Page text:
An Orthodox priest has claimed that he has been suspended by his diocese for three months and faces a “possible defrocking” after travelling to Washington, DC, to attend the “Stop the Steal” rally prior to the Capitol riots on 6 January.
Reverend Mark Hodges, who is a “supply priest” at Paul the Apostle Orthodox Church in Dayton, Ohio, was “suspended from all priestly functions” from 12 January, according to the website of the Orthodox Church in America’s Diocese of the Midwest.
Mr Trump spoke to the crowd at the rally, urging them to “walk down to the Capitol” and adding: “You have to show strength, and you have to be strong.”
Following Mr Trump’s comments, members of the crowd walked down to the Capitol and breached the building, causing House representatives to barricade themselves in offices.
Five people died and several more were injured in the riots, as Mr Trump was impeached by the House for the second time for his role in inciting the rioters.
Rev Hodges confirmed to the Daily News on Wednesday that he did not enter the US Capitol building, and said that he does not condone the violence that occurred during the riots.
The priest claimed to The Lima News that he was suspended from priestly duties for attending the rally, and said that he could still be removed from the priesthood or have his suspension extended.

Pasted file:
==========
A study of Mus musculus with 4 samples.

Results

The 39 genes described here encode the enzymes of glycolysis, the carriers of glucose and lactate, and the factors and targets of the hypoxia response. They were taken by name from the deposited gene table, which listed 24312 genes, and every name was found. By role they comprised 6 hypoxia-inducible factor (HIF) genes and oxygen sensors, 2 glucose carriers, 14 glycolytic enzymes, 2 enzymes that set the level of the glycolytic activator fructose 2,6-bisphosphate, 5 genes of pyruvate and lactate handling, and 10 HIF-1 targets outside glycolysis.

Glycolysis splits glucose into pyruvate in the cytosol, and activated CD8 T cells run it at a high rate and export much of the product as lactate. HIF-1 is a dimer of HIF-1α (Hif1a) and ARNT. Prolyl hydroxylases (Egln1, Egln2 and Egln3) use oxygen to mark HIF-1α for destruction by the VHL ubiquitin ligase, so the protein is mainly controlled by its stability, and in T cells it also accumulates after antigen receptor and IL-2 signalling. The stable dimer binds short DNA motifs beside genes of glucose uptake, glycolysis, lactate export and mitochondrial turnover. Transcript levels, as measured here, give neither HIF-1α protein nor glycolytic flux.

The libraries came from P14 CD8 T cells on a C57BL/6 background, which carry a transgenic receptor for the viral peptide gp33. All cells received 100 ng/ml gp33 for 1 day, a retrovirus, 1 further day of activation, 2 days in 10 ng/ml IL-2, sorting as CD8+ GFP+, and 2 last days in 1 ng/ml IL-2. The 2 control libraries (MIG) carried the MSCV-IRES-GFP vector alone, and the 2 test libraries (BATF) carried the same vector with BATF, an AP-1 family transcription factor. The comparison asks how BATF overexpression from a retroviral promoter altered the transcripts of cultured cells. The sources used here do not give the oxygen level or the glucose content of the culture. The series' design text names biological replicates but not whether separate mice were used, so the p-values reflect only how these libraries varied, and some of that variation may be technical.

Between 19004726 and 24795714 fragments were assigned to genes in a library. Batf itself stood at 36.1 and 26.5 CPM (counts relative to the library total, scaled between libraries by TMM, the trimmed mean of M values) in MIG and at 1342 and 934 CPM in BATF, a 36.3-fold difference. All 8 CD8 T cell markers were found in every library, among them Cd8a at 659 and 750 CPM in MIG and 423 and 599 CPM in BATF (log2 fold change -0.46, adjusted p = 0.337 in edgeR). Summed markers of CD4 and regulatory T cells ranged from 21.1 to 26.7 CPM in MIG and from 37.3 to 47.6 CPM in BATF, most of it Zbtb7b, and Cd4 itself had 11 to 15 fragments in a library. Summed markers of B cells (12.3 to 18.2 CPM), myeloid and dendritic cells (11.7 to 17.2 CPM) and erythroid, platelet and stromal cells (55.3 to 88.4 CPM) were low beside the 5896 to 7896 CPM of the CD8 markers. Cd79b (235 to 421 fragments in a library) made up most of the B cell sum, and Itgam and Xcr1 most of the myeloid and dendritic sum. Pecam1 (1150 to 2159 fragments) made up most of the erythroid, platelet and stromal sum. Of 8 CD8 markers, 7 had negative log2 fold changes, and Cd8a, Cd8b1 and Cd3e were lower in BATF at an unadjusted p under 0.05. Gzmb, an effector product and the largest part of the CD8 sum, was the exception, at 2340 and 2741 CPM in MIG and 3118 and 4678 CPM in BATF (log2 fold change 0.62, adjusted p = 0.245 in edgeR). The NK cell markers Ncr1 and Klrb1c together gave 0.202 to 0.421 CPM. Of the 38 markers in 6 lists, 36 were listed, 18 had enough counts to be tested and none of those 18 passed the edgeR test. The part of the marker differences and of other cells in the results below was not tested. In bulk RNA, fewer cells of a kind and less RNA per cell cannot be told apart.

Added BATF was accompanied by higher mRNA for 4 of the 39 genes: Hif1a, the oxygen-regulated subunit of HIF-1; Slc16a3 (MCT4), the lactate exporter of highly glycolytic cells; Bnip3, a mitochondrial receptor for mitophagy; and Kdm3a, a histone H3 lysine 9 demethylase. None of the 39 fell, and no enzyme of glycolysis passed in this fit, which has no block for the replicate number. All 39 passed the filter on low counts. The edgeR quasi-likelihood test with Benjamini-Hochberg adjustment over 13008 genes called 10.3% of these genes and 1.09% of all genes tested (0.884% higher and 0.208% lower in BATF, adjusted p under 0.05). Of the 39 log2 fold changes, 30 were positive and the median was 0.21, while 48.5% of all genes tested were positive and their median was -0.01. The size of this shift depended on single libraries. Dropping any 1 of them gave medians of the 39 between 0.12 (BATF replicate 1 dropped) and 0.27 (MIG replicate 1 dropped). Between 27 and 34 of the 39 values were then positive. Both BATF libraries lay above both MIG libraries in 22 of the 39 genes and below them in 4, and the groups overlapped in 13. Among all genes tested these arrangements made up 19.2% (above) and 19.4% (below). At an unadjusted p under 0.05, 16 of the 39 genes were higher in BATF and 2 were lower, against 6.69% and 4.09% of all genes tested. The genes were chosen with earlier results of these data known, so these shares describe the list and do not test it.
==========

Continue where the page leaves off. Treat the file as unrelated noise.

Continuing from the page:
He said that archbishop Paul Gassios, who leads the Diocese of the Midwest, handed down the three month punishment and accused him of being “guilty by association.”
Rev Hodges told the Lima that he thinks the punishment is “an unjust suspension,” and claimed that the rally was “joyful, positive and orderly.”
However, priest Alexander Koranda disputed Rev Hodges claims, telling the New York Post in a statement that he “was not suspended due to his presence at the rally, or due to one specific event.”
Mr Koranda added: “This suspension is the result of various circumstances that is currently part of an internal process.”
Guidelines on the website of the Orthodox Church in America state that “clergy should refrain” from making political statements or “becoming fans” of political candidates on social media.
However, Mr Hodges urged others to join him at “mega MAGA rally” that became the event on 6 January in a post on Facebook.
“Whatever happens on that historic day, it will be an event to remember,” Rev Hodges wrote on his Facebook page, according to the Post.
He added: “You can tell your grandchildren that you were on the front lines in the Second American Revolution, where you fought to save the Republic.”